Disparities in Incontinence and Perineal Skin Damage in Nursing Home Elderly
This project is a study of race, ethnic, and socioeconomic (SES) disparities as they relate to the development and management of incontinence, perineal dermatitis (PD), pressure ulcers (PUs), and associated quality of life in older nursing home (NH) residents. Reports of disparities in incontinence and perineal skin damage and their management are a serious ethical and clinical concern warranting further investigation. Incontinence, PUs and PD are long-standing, widespread, and costly problems to which race, ethnic and SES disparities may contribute significantly. Annual treatment costs are in the billions of dollars, and each condition is significantly associated with psychological distress, physical discomfort, and lower quality of life. Complications of PUs can be fatal. Reducing health disparities offers a profound opportunity for improving the health of disadvantaged minority populations. Because health outcomes of NH residents and disparities in those outcomes are influenced by multiple factors at the individual, group NH, and community levels before and during a NH stay, investigation to detangle their contributions requires a multi-level approach.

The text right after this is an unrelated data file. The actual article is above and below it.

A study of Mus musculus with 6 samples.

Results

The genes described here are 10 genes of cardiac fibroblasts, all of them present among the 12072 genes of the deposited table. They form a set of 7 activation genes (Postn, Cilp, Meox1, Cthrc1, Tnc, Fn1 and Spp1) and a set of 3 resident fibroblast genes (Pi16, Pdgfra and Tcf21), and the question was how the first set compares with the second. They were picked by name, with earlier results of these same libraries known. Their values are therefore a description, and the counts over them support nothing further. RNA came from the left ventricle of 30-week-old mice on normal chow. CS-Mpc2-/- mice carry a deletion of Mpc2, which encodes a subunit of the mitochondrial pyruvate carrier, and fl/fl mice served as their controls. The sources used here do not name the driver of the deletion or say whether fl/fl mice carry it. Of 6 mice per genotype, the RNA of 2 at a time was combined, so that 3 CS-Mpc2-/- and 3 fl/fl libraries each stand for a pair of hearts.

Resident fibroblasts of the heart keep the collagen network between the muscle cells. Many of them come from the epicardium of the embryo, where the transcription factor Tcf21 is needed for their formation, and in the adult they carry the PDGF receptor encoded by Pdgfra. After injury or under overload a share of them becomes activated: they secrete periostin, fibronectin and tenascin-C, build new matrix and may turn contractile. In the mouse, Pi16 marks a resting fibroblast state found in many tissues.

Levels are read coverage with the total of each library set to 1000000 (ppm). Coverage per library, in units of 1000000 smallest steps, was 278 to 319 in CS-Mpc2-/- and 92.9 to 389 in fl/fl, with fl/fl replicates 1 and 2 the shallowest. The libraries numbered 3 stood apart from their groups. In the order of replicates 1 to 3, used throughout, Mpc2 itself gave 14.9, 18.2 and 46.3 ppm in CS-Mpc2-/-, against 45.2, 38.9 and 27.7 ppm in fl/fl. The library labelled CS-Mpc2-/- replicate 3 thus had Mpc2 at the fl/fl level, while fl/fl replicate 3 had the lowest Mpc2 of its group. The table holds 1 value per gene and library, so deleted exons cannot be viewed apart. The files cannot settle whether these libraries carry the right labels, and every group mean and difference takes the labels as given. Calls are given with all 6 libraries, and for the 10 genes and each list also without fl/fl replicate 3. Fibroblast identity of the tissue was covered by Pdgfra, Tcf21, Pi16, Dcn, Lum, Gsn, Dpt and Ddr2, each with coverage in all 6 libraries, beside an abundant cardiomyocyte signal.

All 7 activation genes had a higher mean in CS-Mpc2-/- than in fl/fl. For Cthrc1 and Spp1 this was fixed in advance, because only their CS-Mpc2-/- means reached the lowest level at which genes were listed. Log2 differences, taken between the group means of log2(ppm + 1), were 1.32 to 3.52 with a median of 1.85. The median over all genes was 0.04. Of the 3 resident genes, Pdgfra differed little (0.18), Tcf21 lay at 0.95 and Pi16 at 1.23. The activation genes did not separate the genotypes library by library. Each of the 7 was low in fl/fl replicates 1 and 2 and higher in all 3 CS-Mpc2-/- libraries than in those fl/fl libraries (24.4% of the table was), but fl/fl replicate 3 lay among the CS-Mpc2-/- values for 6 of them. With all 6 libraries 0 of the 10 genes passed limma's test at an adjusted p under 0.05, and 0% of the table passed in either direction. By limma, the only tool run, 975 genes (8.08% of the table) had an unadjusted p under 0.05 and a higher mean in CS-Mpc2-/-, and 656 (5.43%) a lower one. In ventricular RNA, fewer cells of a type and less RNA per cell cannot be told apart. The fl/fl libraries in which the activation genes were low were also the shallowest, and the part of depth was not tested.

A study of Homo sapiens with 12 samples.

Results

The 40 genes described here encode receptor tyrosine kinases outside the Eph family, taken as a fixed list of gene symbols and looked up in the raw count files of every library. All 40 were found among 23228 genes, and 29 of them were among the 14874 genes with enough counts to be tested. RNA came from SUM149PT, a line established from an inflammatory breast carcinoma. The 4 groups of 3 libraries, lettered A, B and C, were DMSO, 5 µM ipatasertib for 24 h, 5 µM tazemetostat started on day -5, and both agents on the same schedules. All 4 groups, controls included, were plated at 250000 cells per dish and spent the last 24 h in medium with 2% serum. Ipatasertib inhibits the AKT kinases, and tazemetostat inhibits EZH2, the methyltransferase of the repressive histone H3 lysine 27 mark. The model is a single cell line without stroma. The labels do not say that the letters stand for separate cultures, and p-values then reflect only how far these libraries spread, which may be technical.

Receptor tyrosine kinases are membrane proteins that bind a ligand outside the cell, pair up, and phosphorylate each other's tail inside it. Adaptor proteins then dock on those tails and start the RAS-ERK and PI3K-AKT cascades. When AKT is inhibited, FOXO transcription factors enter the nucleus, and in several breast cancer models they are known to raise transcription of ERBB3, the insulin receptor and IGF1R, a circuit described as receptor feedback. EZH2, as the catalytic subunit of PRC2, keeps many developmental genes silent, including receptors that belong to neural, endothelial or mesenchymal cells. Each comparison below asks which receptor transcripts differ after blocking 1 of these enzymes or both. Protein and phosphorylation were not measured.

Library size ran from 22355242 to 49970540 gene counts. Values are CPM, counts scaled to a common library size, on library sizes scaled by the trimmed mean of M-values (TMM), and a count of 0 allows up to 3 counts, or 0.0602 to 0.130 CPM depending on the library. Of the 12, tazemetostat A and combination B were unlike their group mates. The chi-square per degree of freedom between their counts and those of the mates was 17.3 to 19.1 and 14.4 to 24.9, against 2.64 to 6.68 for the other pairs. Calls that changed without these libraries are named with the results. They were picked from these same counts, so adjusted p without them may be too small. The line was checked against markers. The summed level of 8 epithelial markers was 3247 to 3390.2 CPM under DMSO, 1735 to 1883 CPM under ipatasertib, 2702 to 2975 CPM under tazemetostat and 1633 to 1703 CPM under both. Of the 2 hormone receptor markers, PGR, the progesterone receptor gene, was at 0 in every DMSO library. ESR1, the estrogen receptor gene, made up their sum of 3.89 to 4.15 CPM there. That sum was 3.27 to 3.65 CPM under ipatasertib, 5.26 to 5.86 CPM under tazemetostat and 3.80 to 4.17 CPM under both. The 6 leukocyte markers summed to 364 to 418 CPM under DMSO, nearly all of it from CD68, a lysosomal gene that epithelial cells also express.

These researchers are analyzing three large population datasets: Minimum Data Set (MDS) records and practitioner orders for all residents of a large, for-profit NH chain; the Online Survey, Certification, and Reporting (OSCAR) files; and the US Census tract data. They are simultaneously measuring factors at the individual, NH, and community levels that are associated with disparities in the development, prevention, and management of fecal and/or urinary incontinence, PD, PUs, and associated quality of life. In addition, they compare disparities in these health conditions and management plans in residents of the proprietary set of NHs with those in a set of national for-profit and non-profit NHs using a fourth database of MDS records (without practitioner orders) and OSCAR and census data in a multi-level sensitivity analysis. Doing this will provide context to the findings and strengthen the researchers’ ability to make more informed recommendations. This study will provide the best evidence to date about which of the many possible modifiable factors associated with disparities in these outcomes should be targeted for intervention and ascertain the level of their contribution. The group's findings are critical before interventions aimed at reducing disparities in incontinence and perineal skin damage can be undertaken or successful.
A bibliography of this group’s publications acknowledging MSI is attached.